Silver Screen: Tinker Tailor Soldier Spy ***1/2

Silver Screen: Tinker Tailor Soldier Spy  ***1/2
Bryan Miller

Steven Soderbergh's Haywire is a fine example of the modern spy movie, with its focus on technology and action sequences tinged with James Bond influences, but Tomas Alfredson's adaptation of John le Carré 's Tinker Tailor Soldier Spy is an old-school Cold War throwback, a vintage espionage tale from one of the masters of the literary genre. Le Carré 's decidedly more realist approach to the spy genre owes lot less to bed-hopping and big stunts than to the tradition of Graham Greene, as well as le Carré 's real-life experience working with British intelligence under his real name, David John Moore Cornwell.

Tinker Tailor is perhaps le Carré 's best-known work, along with The Spy Who Came in from the Cold. It's also the debut of his most persistent protagonist, the tightly wound George Smiley, played here with great reserve by an especially steely Gary Oldman. As the film begins, Smiley is out at the Circus, le Carré 's nickname for British intelligence agency MI6, forced into retirement along with his mentor, Control (John Hurt). Control was obsessed by a theory that one of the top-ranking men in his crew was a mole for the Russians, and following his death Smiley is drawn back into the case.

New information suggests Control may have been correct, and now his pupil must carry on the investigation. Much to Smiley's dismay, he learns that his mentor considered him a possible suspect as well. Among the other candidates are the droll and dapper Bill Haydon (Colin Firth), the withholding Roy Bland (Ciará n Hinds), ascendant agent Percy Alleline (Toby Jones), or second-in-command Toby Esterhase (David Dencik). The group all worked together until a botched job in Hungary left their coworker and Haydon's best friend (Mark Strong) presumed dead in a shooting, and Smiley suspects even that incident may be tied back to the double-cross.

With his trusty assistant Peter (Benedict Cumberbatch, a.k.a. the Most British Person Ever), Smiley sets about coolly and methodically uprooting the past and learning the dark secrets of all his old friends. But Smiley's greatest blind spot may prove to be himself.

The spycraft in Tinker Tailor is a wonderful contrast to the gadget-heavy hijinks of Mission: Impossible blockbusters. The Circus is located in shabby offices full of paper clutter and chipping paint. It's deliriously unsexy, with scores of analysts sitting quietly in rooms poring over old television footage and listening to phone taps recorded on scratchy reels of magnetic tape. Alfredson, who directed the exceptional Swedish adaptation of Let the Right One In (remade to decent but derivative effect by Matt Reeves as Let Me In), is an exceptional visual stylist with a knack for long static shots and slow-moving cameras and an eye for texture. He wonderfully recreates early 1970s London in the anti-image of the dayglo swingin' sixties of Austin Powers (a somewhat less noble entry in the spy-movie pantheon); it's all chintzy curtains, ugly print shirts, and awkward haircuts. Alfredson's keen riff on le Carré 's world is decidedly square, a bunch of stuffy adults pushing papers and trading secrets. It's cloak-and-dagger work at its most bureaucratic, and yet in many ways it feels much more personal.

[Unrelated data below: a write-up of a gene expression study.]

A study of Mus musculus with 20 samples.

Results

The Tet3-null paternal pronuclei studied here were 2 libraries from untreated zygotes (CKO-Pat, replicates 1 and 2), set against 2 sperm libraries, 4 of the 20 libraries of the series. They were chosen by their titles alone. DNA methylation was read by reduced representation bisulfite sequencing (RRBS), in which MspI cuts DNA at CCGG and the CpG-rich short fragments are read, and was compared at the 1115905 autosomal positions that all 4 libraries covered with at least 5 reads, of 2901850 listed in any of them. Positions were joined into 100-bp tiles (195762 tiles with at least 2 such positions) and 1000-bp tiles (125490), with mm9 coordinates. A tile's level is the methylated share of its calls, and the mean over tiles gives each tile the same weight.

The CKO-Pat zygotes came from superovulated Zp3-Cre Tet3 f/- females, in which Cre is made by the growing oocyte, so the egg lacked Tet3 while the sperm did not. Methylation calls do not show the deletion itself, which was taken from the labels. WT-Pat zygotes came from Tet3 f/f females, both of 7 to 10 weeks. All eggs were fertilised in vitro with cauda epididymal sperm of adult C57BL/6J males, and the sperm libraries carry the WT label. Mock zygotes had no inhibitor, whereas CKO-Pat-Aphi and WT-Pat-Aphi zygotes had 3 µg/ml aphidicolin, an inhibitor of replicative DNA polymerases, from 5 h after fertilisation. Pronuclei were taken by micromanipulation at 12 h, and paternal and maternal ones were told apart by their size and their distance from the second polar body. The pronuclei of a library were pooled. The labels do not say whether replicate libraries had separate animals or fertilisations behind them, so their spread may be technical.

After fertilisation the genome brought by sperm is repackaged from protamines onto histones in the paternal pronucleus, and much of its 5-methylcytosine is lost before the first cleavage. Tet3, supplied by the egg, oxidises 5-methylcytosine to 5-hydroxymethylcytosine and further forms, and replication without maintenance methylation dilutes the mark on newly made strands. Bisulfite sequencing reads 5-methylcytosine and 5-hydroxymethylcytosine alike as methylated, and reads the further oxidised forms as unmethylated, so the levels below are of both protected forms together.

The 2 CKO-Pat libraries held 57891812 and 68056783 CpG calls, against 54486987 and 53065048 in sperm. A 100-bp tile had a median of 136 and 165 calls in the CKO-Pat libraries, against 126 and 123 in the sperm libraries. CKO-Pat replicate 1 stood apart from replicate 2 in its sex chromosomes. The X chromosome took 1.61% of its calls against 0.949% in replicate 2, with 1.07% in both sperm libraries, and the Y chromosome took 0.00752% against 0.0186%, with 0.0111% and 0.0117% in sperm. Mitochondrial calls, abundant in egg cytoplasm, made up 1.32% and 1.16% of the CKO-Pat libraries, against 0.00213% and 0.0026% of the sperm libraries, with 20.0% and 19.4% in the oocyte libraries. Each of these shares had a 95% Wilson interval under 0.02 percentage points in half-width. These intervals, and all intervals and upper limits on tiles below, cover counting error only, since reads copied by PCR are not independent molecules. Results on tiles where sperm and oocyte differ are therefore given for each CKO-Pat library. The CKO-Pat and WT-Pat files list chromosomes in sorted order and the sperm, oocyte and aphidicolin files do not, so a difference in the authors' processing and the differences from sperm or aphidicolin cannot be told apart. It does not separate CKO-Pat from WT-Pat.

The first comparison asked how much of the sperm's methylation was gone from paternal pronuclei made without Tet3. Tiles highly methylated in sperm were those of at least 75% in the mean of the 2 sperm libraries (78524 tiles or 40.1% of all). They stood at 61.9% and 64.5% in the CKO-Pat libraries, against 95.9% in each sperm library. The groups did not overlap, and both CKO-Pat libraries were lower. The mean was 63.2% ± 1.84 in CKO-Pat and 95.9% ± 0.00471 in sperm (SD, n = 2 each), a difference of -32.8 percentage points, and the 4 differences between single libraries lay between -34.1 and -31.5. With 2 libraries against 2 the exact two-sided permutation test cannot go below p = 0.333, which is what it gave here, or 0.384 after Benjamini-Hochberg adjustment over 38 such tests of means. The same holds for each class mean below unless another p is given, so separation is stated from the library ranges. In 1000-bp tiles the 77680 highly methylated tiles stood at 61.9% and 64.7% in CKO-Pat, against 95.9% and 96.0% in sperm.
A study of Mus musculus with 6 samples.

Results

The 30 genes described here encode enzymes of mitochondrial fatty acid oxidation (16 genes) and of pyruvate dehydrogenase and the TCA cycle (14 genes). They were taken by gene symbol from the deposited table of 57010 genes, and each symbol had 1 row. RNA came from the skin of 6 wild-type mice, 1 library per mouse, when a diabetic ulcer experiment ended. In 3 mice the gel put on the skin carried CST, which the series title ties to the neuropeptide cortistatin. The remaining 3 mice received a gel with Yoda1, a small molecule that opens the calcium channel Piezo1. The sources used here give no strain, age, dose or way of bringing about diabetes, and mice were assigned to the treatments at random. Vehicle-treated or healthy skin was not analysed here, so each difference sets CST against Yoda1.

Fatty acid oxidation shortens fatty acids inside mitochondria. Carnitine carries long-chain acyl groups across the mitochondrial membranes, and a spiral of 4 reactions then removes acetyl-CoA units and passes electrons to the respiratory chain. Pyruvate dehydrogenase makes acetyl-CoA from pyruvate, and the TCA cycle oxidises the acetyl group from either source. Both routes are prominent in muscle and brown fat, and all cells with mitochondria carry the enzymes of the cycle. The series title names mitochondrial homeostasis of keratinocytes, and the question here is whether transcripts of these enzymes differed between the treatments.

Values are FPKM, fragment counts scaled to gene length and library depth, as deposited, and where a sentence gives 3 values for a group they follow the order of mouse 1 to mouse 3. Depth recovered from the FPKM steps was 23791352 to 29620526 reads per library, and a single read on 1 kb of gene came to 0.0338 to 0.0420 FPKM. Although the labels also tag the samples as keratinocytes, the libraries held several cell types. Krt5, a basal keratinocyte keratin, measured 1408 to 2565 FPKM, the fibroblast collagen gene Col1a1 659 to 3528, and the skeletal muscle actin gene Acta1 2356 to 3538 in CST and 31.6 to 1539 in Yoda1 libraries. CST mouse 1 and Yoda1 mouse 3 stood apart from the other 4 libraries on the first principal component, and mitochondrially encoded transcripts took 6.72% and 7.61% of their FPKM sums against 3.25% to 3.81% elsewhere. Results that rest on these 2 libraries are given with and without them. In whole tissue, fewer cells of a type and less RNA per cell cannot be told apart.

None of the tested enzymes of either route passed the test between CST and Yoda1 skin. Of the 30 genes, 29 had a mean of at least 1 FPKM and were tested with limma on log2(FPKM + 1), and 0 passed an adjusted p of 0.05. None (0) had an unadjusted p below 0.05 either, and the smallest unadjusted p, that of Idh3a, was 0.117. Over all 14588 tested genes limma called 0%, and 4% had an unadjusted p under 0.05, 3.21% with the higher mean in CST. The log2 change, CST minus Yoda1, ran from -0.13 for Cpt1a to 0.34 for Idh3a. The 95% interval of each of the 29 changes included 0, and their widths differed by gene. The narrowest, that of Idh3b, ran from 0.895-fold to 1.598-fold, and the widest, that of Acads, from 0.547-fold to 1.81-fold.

That said, I must confess: I'm not entirely sure I knew what the hell was going on. A frustrating hallmark of the spy thriller is lots of vague dialogue, coded messages, double-talk, and characters with aliases. Half the characters go by at least two names that are bandied about casually when they're off-screen (I wound up checking the IMDB page on my iPhone to keep up with the characters, as though I had a scorecard at a baseball game), and many of the big reveals are implicit. Movie reviewers aren't generally encouraged to acknowledge when they're lost, but I could never lie to you. I found myself wishing I could turn to the strangers sitting behind me and press them with questions: “Wait, so those guys are gay? But those other guys aren't gay, just really good friends? And that other guy was bad but he didn't know it?”

These byzantine plots are difficult to navigate in large part because there's no emotional connection. When the whys and wherefores are kept secret until the final moments, motivations and allegiances obscured alike, it can be difficult to get a foothold on the story. That, somewhat ironically, is the inverse of George Smiley's conundrum: He can follow everything but is connected to nothing.

Follow Bryan Miller on Twitter@bmillercomedy.